LYNCHBURG, S.C. — Like many dads, Gary West of Lynchburg woke up on Father’s Day excited to see his family.
“I’ve got some children coming out to see me today and the grandkids are coming out to see me,” West said, “and hopefully, I’ll be spoiled by the end of the day.”
The holiday felt more special this year for the 40-year nurse and veteran, after being hospitalized with COVID-19 one year ago.
He says the effects on his breathing are still being felt today.
“You come real close to death. It makes you stop and think about things,” West said. “Laid in the hospital bed and couldn’t say bye to nobody. I couldn’t talk on the phone ‘cause I couldn’t breathe.”
From home, his mother Evelyn West prayed he would get well.
“I put my hands on the bible and I prayed so hard for him,” Evelyn said, “for God not to let him leave me.”
Both vaccinated and free from restrictions, they decided to meet again for the first time since before the pandemic for Father's Day.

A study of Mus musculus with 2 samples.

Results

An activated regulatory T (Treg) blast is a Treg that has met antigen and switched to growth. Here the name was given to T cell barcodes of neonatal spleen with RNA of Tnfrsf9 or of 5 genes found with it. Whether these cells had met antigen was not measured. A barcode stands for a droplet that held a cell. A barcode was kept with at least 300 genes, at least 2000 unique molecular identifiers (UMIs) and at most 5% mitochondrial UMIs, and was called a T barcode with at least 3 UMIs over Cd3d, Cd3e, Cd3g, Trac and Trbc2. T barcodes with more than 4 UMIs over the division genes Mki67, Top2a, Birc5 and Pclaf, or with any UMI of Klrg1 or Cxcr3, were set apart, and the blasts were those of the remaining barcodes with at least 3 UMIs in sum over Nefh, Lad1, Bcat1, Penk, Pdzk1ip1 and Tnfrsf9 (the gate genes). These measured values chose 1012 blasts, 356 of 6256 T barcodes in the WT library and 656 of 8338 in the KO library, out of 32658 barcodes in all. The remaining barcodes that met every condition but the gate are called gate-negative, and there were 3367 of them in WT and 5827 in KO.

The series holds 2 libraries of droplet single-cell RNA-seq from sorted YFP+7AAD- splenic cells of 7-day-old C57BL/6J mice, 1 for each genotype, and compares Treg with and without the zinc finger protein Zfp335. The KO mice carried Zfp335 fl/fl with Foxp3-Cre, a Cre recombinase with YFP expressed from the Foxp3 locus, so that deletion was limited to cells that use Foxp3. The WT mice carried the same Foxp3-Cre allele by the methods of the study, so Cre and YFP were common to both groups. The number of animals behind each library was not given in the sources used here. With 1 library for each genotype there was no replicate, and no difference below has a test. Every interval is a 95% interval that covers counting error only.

“God brought him back to and what do you think that made me feel? I felt like I still had my son,” Evelyn said.
According to the State Department of Health and Environmental Control (DHEC), more than 9,700 South Carolinians have lost their lives to COVID-19. That includes both confirmed and probable cases.
Over 5,200 of those who died are men.
“I feel like I was given a second chance,” West said. “It means a lot more to us this year, and my children have even said things about how they almost didn’t get to celebrate Father’s Day with me this year…. Let’s pray for a lot of those families that lost members.”
West is married with 10 children and more than 30 grandchildren.
He’s hoping to see many of them for Father’s Day as well.
He said he’s looking most forward to supper and conversation with family, the “joys of his life.”
Those coping with the loss of a loved one this holiday may experience feelings of shock, anxiety, sadness and even loss of sleep.
The Centers for Disease Control and Prevention (CDC), says connecting with others, creating memories or rituals in a loved one’s honor, or even asking for help from counselors, support groups and church leaders can be helpful coping strategies.
For more tips on how to cope with grief, visit the CDC online.